Call it the Catch-22 of startup life.
You need talented employees to help grow your business. But without enough cash flow, you can’t get the money to pay them.
“It’s the dilemma every early-stage company faces,” says Rosalind Resnick, CEO of Axxess Business Consulting in New York.
Certainly, you might be willing to work 24-7 with little financial reward for many months. But you can’t expect an employee to do the same.
So how can you compensate the top-level talent you need to boost your business? Consider these steps.
Offer them stock. Of course, the most obvious approach is to supplement salaries with company equity. If employees feel confident the business will take off—and those who don’t shouldn’t be working for you—then they’ll probably be willing to accept lower-than-market wages, as long as they’re getting stock.
Trouble is, the tack is only useful for certain types of businesses—the kind backed by outside investors that are likely to go public or be bought by a company with deep pockets. As a result, “It’s not a strategy many small businesses can employ,” says Resnick.
Another tack for companies that intend to remain private is to offer so-called phantom stock. In this type of plan, you provide employees with shares in the company. But, unlike stock awarded in publicly traded enterprises, there are no voting rights and the value increases only as the company’s value grows. More important, you can structure it so that vesting takes place over, say, a five year period, giving your firm time to grow.
Tie salary to meeting milestones. When Paul Emery co-founded a Campbell, Cal-based telecommunications company four years ago, he promised employees a salary that was 60 percent of the market rate for compensation. But, he also agreed to raise compensation substantially and at regular intervals, as long as the company met such milestones as alpha and beta test completion and successful fund-raising.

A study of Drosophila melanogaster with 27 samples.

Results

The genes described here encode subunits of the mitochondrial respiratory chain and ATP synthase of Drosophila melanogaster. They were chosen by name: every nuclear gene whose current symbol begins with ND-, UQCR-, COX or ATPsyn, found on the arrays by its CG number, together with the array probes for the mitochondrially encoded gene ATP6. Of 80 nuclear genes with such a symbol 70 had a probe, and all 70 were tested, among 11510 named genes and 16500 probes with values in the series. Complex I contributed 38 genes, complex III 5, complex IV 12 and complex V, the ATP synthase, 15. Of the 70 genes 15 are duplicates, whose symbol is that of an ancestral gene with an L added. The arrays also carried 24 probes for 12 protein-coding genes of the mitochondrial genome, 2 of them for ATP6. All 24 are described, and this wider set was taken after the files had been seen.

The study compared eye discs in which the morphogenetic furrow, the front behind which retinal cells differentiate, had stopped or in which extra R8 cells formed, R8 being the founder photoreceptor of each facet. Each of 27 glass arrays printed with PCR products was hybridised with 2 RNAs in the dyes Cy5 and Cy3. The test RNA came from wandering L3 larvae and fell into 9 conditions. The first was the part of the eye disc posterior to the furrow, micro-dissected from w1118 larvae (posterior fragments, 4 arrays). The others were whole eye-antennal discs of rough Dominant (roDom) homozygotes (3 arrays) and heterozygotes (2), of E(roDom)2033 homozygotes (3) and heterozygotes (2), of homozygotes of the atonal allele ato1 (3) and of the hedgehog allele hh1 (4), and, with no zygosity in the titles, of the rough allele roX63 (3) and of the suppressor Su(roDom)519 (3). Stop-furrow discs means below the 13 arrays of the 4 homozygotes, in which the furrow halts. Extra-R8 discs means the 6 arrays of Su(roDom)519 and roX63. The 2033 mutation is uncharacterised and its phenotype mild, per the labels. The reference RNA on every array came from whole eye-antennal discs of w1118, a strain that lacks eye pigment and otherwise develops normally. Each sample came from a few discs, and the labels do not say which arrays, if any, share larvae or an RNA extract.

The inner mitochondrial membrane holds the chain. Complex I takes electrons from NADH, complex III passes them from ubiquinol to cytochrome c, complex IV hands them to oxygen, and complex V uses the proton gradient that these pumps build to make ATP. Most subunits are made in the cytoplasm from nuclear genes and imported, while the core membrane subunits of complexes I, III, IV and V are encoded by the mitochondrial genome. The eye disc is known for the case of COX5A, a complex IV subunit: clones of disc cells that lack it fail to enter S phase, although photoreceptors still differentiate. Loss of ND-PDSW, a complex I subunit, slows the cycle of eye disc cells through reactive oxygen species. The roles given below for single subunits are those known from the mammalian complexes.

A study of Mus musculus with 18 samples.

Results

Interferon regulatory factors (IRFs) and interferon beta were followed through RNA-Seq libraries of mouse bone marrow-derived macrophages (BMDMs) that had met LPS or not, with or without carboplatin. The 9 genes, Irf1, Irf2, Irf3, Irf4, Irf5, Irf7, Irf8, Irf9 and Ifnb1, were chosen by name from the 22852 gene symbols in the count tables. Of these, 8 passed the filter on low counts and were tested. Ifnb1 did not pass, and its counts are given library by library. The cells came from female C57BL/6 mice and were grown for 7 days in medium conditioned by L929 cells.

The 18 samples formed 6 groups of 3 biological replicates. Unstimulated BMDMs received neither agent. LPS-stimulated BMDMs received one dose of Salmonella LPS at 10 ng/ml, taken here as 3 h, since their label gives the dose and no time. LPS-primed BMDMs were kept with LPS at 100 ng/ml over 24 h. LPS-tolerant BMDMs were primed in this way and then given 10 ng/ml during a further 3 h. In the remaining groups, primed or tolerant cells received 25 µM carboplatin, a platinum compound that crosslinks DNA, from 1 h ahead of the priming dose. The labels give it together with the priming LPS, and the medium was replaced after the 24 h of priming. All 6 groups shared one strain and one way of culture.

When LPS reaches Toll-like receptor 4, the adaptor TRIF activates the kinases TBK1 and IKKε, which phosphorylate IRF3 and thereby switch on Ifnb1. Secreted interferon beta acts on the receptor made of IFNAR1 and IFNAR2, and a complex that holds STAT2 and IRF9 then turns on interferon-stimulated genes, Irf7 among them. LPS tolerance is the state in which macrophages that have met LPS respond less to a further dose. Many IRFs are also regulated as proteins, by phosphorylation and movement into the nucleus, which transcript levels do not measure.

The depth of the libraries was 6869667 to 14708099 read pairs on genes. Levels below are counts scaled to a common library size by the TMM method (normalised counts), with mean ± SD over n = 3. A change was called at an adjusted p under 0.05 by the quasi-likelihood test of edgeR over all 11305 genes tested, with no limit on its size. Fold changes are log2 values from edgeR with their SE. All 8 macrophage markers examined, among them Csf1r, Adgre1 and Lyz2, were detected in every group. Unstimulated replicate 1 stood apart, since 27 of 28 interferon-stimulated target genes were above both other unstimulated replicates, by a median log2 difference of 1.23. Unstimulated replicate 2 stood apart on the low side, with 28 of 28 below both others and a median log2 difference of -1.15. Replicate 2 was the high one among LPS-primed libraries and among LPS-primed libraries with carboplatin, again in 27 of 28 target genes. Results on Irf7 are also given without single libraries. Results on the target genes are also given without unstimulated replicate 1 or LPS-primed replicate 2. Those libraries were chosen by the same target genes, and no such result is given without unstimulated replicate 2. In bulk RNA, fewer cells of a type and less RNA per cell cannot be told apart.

After about a year, according to Emery, employees’ salaries were raised to 80 percent of market rates and, six months later, to 100 percent.
Hire interns. It’s a good way to grow your own talent at a low cost. By hiring promising employees who are still in school or are recent graduates, you can bring on board talented people with a lot of potential—at a price you can afford.
Look for people with a cash cushion. In these times of high unemployment, a company with enough growth potential might be able to hire a few qualified employees willing to work for a very small salary temporarily, because they believe in the company’s potential.
But, you need to be sure they’ll be happy with the arrangement—and able to afford it.
In some cases, you might want to protect yourself by hiring people with sufficient financial wherewithal. Take Bradley Will, owner of a one-year-old startup, Socialspin.com in San Francisco. He hired several high-level employees, including the former president of a successful mid-size company, who were willing to accept a salary of $2,000 a month, with the promise that their compensation would increase once Will was able to raise enough money from investors.
“We set the salary ahead of time, with the understanding they’ll get that when we’ve brought in the capital,” he says. “But I knew it wouldn’t work unless they were able to wait.”
Forget about hiring full-time staff. If you just don’t have the cash to pay a regular staffer, you should consider using independent contractors. For example, instead of hiring a salesperson, you can turn to manufacturers’ reps. They won’t receive a salary, but will take perhaps 20 percent of every sale.
For her part, Jennifer Silva, founder of Sign Up for Camp in San Francisco, uses mothers who are re-entering the job market as salespeople and pays them entirely on commission. “Not only do they know the local camp industry well, since they’ve sent their own children to camp, but it’s also a way for them to get back into the workforce,” she says.
If you decide to use independent contractors, be careful. State and federal agencies are cracking down on the misclassification of independent contractors. So, you’ll need to make sure you’re following appropriate tax and labor regulations.